Teen charged in relation to alleged targeting of gay men in Phoenix Park

The three victims were enjoying a "peaceful walk" when they were approached by a car of six men who reportedly followed them for over an hour.

This article is about a teen who has been charged in relation to alleged incident involving gay men in Phoenix Park. The image shows a
Image: @labourlgbtq via X

A man in his late teens has been charged in relation to an alleged incident where a group of gay men were “hunted” by a gang with knives in Phoenix Park. The suspect was arrested and held at a garda station in north Dublin and is due to appear before the court today, June 24.

Authorities received an anonymous call at around 11:35pm on the night of the alleged incident and searched the area to no avail. The victims were reportedly told by Gardaí that there are no CCTV cameras in the park and the chances of justice being served were very low.

This response was criticised widely, including by Senator Barry Ward who raised the issue before the Seanad. Irish LGBTQ+ organisations also described the force’s action as “unsatisfactory” and liaised with the Garda National Diversity and Integration Unit “to ensure appropriate support” was put in place for the victims.

Following further inquiries into the Phoenix Park incident, a man was identified, detained and charged on suspicion of committing an offence contrary to the Non-Fatal Offences Against the Persons Act, 1997.

“This arrest sends a clear message that hate crimes will not be tolerated in our society,” LGBT Ireland and Outhouse LGBTQ+ Centre said in a joint statement.

“We commend the victims for their courage in coming forward and encourage anyone who experiences or witnesses hate crimes to report them to the authorities. It is crucial for the safety and wellbeing of our community that these incidents are documented and addressed,” they continued.

“However, we must strongly criticise the initial dismissive and uncompassionate response of Gardaí when the victims first reported these horrific crimes. It is evident that a one-hour e-learning module on hate crime is wholly inadequate and does not equip frontline Gardaí with the knowledge and understanding needed to support victims from vulnerable groups effectively.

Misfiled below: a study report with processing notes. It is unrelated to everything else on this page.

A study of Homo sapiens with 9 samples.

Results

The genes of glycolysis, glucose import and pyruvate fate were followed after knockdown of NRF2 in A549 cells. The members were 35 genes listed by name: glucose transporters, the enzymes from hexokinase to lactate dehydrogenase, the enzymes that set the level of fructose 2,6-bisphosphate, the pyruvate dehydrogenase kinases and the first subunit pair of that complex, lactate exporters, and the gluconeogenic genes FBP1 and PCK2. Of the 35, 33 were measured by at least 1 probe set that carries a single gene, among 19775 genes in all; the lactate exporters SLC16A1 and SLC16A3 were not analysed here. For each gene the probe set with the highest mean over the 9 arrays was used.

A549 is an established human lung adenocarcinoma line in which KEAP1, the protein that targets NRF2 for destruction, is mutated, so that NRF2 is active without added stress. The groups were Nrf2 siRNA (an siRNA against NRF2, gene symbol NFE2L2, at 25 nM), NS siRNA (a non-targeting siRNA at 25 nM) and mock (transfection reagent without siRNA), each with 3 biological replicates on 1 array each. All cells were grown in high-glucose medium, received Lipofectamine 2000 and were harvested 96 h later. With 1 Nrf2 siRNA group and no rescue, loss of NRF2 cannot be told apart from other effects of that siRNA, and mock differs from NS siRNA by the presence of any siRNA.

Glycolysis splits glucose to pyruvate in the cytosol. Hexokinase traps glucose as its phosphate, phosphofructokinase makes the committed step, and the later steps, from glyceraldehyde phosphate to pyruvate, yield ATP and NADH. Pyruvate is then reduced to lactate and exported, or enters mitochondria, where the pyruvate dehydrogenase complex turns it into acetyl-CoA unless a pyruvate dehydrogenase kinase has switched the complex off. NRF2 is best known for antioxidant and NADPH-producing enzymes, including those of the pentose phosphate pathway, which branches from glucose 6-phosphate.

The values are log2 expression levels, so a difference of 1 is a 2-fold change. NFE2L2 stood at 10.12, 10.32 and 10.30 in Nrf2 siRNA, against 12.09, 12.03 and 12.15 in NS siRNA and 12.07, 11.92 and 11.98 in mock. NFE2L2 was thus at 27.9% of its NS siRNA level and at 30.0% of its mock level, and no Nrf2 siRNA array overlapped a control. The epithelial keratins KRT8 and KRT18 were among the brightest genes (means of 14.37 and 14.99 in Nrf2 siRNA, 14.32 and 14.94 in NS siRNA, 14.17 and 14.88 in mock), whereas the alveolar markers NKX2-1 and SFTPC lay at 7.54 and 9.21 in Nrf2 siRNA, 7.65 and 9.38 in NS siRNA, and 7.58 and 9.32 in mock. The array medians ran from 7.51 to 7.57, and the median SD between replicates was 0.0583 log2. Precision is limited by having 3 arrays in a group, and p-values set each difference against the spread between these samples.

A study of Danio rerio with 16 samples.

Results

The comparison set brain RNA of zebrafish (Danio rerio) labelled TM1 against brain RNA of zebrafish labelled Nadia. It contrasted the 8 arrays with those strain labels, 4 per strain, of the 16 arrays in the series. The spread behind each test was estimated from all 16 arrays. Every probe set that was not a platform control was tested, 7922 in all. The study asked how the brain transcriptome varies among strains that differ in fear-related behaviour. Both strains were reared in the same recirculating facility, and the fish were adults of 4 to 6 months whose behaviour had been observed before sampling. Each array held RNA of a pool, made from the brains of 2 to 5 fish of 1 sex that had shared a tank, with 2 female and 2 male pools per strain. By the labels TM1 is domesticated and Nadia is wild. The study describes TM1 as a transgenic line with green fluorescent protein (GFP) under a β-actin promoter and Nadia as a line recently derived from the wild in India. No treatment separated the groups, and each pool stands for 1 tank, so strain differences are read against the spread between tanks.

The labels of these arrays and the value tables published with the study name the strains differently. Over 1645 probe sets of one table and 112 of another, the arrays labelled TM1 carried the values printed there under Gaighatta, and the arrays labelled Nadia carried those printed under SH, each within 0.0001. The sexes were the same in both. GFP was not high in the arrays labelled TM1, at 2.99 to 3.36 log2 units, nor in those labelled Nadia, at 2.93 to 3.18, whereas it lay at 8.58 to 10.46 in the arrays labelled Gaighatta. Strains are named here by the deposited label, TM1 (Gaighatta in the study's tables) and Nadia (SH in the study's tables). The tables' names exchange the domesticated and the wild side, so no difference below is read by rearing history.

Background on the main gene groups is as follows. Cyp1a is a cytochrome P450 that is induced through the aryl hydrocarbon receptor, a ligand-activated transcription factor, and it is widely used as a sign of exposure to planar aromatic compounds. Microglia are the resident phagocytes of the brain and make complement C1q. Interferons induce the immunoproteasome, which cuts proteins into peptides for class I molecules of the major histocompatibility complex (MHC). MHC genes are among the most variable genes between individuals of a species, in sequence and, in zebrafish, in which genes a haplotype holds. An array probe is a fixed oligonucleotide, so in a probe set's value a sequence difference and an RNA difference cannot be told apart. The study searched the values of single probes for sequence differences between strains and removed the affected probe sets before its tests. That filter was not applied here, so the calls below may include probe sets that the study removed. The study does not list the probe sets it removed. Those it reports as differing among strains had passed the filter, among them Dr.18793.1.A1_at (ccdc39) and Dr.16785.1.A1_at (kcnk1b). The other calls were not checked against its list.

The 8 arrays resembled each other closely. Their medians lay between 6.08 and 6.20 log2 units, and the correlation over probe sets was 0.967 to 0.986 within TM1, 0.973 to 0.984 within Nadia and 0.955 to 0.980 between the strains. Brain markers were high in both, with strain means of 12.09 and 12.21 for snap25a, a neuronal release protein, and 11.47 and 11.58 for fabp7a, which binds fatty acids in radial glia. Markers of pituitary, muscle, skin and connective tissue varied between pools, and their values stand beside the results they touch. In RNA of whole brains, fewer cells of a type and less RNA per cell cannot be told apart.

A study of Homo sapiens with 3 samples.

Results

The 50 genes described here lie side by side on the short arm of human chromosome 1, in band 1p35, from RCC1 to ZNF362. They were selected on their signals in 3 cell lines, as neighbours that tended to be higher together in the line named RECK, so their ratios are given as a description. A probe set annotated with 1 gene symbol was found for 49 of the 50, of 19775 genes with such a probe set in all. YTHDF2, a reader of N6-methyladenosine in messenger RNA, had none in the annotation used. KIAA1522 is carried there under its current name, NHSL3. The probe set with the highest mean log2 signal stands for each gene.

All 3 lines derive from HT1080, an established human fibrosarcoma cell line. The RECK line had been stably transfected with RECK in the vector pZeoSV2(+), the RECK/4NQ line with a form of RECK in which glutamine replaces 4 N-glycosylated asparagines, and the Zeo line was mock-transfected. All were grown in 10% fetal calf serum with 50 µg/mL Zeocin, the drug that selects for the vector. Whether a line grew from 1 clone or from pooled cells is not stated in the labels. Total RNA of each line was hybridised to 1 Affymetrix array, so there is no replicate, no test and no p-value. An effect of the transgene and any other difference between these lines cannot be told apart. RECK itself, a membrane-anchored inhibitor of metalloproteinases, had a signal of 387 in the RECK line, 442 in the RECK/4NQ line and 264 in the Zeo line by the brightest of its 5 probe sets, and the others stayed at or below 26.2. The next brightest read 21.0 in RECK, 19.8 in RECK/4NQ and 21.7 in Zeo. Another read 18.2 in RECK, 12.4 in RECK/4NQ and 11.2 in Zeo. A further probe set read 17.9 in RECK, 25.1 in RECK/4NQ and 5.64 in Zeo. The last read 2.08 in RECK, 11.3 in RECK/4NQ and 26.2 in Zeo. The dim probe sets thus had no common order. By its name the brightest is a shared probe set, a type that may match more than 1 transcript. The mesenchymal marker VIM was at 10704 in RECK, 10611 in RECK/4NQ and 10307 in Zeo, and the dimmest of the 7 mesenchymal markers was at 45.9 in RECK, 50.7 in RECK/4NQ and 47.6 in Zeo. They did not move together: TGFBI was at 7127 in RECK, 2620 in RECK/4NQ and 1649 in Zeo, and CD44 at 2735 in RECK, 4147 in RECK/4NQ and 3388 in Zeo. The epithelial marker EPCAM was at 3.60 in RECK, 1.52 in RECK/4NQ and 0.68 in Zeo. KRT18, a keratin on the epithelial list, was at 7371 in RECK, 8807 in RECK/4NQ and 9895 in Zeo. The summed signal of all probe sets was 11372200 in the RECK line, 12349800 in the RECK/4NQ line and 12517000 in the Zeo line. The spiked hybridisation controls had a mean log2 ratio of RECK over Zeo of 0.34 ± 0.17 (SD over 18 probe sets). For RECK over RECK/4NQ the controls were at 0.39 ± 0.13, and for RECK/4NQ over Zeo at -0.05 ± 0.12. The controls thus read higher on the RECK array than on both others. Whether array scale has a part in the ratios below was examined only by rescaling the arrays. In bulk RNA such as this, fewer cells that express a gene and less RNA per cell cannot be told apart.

“We do, however, extend our gratitude to the Garda National Diversity and Integration Unit for their ongoing commitment to improving their approach and for their strong engagement with both LGBT Ireland and Outhouse LGBTQ+ Centre over the past week,” the statement added.

“Once again, we reiterate the urgent need to enact the Criminal Justice (Incitement to Violence or Hatred and Hate Offences) Bill 2022. The delay in passing this critical legislation is unacceptable and puts vulnerable communities at continued risk. This Bill must be progressed without further delay.

“Our community must remain united in the face of such adversity to ensure everyone can live without fear. We urge anyone with further information about the Phoenix Park incidents to contact the Detective Office in Cabra Garda Station on 01-666-7412.”




“The pride flag that hangs above the river Liffey, wrap shop fronts, hang in your workplace and across the country mean little while queer people continue to face ongoing hate and violence. They mean less if our community meets incidents like this with silence during pride month,” Horris wrote when promoting the demonstration.